The sun rises on a new year of gardening OOPs. On the first of each month – GOOPs Day – I share one of the gardening faux pas I’ve made in my 30-plus years of gardening in Connecticut.
Since it is New Year’s Day – a time to look back on old 2010 and forward to new 2011 – I thought I’d rehash, or re-GOOPs if you will, the five most commented on GOOPs posts during the year and a half since I started this meme confessional.
Here’s the list from #5 to #1.
#5: Misidentification – a gardener’s faux pas. Back in September 2010, I confessed how I mistakenly labeled and referred to a blackberry lily (Belamcanda chinensis) blossom as crocosmia. Was I embarrassed? No. Did I learn from my mistake? Absolutely.
#4: Gardening Oops – February 2010. I shoulda, woulda, coulda paid more attention to the basil plant I brought inside for the winter. By not paying close enough attention I allowed white flies to take hold. When discovered, the plant was too infested to try to treat inside due to the multitude of other indoor plants I care for and white flies’ ability to spread.
#3: New Year’s GOOPs – a gardener’s faux pas. A year ago today I warned not to make the mistake of ordering seeds too late. I had done this in 2009 and ended up getting some of my seeds later than the preferred sow-inside planting date for my zone. Considering the ever growing interest in vegetable gardening, it’s better to get orders out early. And … if you could peak through cyber-space you’d see me on my couch, surrounded by seed catalogues, just like I was last year.
#2: Gardening Oops (GOOPs) – last of 2009. There’s definite plusses to leaving seed heads standing through the winter – birds love to eat the seeds. If you’ve ever caught a glimpse of a bright yellow and black goldfinch roosting atop the dry seed head of an Echinacea while all other surrounding surfaces are covered with snow, you know how rewarding it can be to leave perennial seeds in place. And, if your just starting out with a garden, this is a great way to obtain plenty of new seedlings as any dropped seeds sprout and begin a new growing cycle. But this later fact can also be a minus, particularly when you have hundreds of seedlings that need to be removed. I face this dilemma every year, especially with Echinacea, but I can’t imagine my garden without this plant.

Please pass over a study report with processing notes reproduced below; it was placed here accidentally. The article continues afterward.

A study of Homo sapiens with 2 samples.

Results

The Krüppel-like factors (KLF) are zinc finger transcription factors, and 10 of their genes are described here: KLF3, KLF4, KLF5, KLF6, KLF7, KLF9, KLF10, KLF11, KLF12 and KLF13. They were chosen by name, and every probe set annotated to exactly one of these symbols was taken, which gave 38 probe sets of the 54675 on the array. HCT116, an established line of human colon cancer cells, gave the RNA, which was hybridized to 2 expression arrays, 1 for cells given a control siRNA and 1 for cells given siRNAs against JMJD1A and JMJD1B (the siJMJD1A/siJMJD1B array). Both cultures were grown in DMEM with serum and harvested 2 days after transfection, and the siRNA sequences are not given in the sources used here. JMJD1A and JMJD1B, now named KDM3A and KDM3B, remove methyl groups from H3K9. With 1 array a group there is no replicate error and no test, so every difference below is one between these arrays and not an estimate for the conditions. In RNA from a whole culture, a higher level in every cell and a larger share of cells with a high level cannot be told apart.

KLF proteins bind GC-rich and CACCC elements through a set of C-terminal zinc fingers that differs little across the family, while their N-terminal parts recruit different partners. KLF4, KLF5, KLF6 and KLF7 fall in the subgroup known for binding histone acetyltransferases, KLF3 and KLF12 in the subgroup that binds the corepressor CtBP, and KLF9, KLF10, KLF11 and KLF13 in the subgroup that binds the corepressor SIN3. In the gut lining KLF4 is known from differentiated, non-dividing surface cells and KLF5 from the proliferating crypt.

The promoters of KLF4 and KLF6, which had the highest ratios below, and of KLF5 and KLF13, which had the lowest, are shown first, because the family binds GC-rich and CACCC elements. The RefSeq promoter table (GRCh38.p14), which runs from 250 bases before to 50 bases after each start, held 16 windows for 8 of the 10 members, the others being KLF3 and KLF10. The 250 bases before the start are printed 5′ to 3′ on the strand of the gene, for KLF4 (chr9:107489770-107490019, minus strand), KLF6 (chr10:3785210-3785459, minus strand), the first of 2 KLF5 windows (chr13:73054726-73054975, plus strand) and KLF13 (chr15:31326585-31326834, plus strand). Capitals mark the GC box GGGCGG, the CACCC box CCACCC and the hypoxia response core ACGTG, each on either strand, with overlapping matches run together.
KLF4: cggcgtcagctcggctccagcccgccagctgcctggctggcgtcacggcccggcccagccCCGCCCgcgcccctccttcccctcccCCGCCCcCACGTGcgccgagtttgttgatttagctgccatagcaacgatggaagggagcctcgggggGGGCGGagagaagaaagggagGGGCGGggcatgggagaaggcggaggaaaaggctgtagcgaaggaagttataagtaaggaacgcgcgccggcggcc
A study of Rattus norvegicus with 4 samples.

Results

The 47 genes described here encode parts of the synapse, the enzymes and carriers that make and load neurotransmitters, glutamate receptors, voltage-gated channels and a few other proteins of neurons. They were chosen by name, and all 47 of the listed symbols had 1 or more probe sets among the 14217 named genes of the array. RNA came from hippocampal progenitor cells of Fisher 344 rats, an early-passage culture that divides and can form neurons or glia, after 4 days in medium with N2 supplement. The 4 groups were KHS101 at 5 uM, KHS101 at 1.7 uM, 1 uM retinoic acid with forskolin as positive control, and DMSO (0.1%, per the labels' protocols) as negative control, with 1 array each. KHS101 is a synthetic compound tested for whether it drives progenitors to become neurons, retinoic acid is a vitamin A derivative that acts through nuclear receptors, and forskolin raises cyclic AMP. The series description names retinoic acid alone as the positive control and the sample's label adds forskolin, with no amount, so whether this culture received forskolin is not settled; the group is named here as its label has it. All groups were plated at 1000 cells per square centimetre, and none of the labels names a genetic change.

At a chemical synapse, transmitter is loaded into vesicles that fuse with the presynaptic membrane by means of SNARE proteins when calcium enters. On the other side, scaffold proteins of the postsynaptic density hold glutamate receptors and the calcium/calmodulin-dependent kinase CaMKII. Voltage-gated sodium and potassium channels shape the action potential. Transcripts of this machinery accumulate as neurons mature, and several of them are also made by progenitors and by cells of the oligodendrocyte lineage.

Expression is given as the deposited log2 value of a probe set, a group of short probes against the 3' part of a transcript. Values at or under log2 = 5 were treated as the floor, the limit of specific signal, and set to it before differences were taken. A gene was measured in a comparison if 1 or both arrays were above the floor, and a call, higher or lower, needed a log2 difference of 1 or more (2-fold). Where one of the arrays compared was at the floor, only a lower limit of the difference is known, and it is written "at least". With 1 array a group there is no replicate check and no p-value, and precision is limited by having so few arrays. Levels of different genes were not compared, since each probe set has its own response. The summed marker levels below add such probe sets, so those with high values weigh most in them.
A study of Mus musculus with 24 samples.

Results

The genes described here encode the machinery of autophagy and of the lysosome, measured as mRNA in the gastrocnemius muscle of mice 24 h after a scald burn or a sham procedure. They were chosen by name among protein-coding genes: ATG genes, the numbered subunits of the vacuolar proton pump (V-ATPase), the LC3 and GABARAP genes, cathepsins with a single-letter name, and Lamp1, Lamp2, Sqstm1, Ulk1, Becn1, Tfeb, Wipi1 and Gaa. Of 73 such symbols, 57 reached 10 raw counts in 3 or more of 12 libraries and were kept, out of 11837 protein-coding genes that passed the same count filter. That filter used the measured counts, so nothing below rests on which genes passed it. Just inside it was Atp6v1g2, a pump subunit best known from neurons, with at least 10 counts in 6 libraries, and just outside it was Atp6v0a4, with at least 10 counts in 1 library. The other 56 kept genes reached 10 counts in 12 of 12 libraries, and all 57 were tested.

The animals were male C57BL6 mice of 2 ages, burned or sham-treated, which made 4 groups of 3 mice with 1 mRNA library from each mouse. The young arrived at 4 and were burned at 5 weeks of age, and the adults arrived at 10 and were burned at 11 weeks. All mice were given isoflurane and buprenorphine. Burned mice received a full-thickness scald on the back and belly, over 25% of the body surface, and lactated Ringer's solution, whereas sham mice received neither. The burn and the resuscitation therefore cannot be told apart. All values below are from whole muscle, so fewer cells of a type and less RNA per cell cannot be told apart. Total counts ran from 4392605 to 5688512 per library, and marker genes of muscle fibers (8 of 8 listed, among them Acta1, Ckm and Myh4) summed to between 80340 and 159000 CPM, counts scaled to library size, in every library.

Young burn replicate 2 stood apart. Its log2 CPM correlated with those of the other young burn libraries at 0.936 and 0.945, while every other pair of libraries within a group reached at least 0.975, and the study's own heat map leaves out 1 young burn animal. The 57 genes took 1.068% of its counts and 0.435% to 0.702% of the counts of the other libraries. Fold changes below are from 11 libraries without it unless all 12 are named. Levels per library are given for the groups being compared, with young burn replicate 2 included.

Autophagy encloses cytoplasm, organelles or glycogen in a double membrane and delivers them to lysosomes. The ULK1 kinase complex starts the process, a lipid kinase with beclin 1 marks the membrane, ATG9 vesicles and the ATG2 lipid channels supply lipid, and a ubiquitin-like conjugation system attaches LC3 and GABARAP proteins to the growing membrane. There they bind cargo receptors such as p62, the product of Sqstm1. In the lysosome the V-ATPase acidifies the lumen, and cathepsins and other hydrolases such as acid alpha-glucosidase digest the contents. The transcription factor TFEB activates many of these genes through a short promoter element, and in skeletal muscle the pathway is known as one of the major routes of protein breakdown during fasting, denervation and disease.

And … drum roll please … the #1 GOOPs post is: Generosity Abounds – Gardening OOPs for March. Ah, March, the month spring begins. Last March I talked about research that showed how being exposed to nature makes us more generous. This should be no surprise to gardeners who so often generously share their most prolific plants. But new gardeners should use caution, and in this post I offered tips on how to deal with generous plant gifts until one clearly understands how a new-to-you plant grows and spreads.
With the look back complete it’s time to look forward. My first GOOPs for 2011 is more of a Doh! – as Homer says. Those who follow this blog as well as my pal Debbie’s blog, A Garden of Possibilities, will notice that Debbie just recounted the top 5 posts on her blog. I read it yesterday knowing full well of my previously planned top 5 GOOPs post for today.
C’est la vie!
It’s not unusual for the two of us to come up with similar blog post ideas at about the same time. We’ve unexpectedly done this in the past. We unexpectedly did it with the top 5. I’m sure we’ll do it again.
Happy New Year to Debbie – who has fantastic ideas and often beats me to the punch – and Laurrie, at My Weeds Are Very Sorry, who regularly shares her GOOPs, and everyone else in the wonderful world of gardening. You can share your GOOPs below in a comment or on your own blog – but leave us a teaser in a comment below.